Berlinale exports food sidebar

San Sebastian, Transatlantyk adopt Culinary Cinema

Berlinale topper Dieter Kosslick’s passion for food and film is catching on across Europe.

He introduced the fest’s Culinary Cinema sidebar in 2007 and it quickly became a favorite. Now Spain’s San Sebastian Film Festival and the new Transatlantyk Poznan Film and Music Festival in Poland are adopting the format.

San Seb’s Culinary Zinema, which runs Sept. 16-24, opens with the doc “Mugaritz BSO” by Felipe Ugarte and Juantxo Sardon. Musician Ugarte and Andoni Luis Aduriz, chef of San Sebastian restaurant Mugaritz, fuse music and food.

Other titles in the showcase, pairing screenings with themed dinners, are “El Bulli: Cooking in Progress,” “The Way of the Wine,” “Romantics Anonymous,” “Jiro Dreams of Sushi,” “Noma — At Boiling Point” and “Perfect Sense.”

Fest director Jose Luis Rebordinos said, “When we created our own section on cinema and gastronomy, we decided the best way to do so would be by working with one of the biggest festivals worldwide, the Berlinale. Thus we would be able to draw on its experience and prestige in both worlds: cinema and cuisine.”

Transatlantyk’s Kino Kulinarne runs Aug. 7-12 at the fest, which kicks off Friday. It will unspool five films from the Berlinale’s repertoire accompanied by meals created by Woijech Modest Amaro, who has worked at top restaurants in Europe, including El Bulli in Spain and Noma in Denmark.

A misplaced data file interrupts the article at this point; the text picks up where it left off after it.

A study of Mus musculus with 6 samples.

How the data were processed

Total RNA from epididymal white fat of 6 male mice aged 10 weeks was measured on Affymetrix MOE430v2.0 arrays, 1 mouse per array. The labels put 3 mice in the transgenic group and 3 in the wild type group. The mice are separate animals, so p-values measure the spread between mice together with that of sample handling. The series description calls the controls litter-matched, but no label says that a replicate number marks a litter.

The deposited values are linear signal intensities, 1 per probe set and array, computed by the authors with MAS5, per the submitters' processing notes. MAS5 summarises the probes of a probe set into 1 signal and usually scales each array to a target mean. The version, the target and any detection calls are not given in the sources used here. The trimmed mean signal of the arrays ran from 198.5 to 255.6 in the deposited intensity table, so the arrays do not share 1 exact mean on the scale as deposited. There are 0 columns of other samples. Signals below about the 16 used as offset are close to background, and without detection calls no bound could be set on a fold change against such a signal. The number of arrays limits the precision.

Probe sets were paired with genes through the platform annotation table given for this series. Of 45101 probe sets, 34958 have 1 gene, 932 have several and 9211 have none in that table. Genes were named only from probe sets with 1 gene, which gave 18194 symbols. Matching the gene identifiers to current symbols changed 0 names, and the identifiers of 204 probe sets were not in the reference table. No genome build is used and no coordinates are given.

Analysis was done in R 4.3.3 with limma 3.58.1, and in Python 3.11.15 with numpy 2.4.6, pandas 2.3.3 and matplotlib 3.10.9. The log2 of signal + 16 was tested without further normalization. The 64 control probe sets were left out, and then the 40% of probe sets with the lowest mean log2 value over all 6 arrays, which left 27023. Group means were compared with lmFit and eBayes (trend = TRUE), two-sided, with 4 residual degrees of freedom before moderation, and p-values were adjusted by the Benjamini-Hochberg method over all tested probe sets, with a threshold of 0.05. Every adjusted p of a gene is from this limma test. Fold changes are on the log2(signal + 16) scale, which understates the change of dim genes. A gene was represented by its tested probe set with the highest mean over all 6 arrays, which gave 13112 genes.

Transatlantyk founder and composer Jan Kaczmarek said, “I believe bringing the program to Poland will reinforce the already growing support for the Slow Food philosophy, making our quality of life better. It willincrease awareness of the dangers of environmental damage caused by industrial food production and transportation.”Kosslick likened the growing interest in Culinary Cinema to the international success of other Berlinale initiatives.

“The event, which was first presented in 2007 to bring together the worlds of food, film, culture and ecology, is attracting ever more followers internationally.

Many filmmakers are investigating this important topic. Like the Berlinale Talent Campus, which in the interim is held in five other countries, and the World Cinema Fund, which backs film productions in Africa, Latin America, the Middle East, Central and South East Asia as well as the Caucasus, Culinary Cinema is now on its way to an international career.”Kosslick is being feted at the Museum of Modern Art in New York this month to celebrate his 10th year as Berlinale director as well as his engagement in issues related to food and ecology and their cultural and cinematic significance.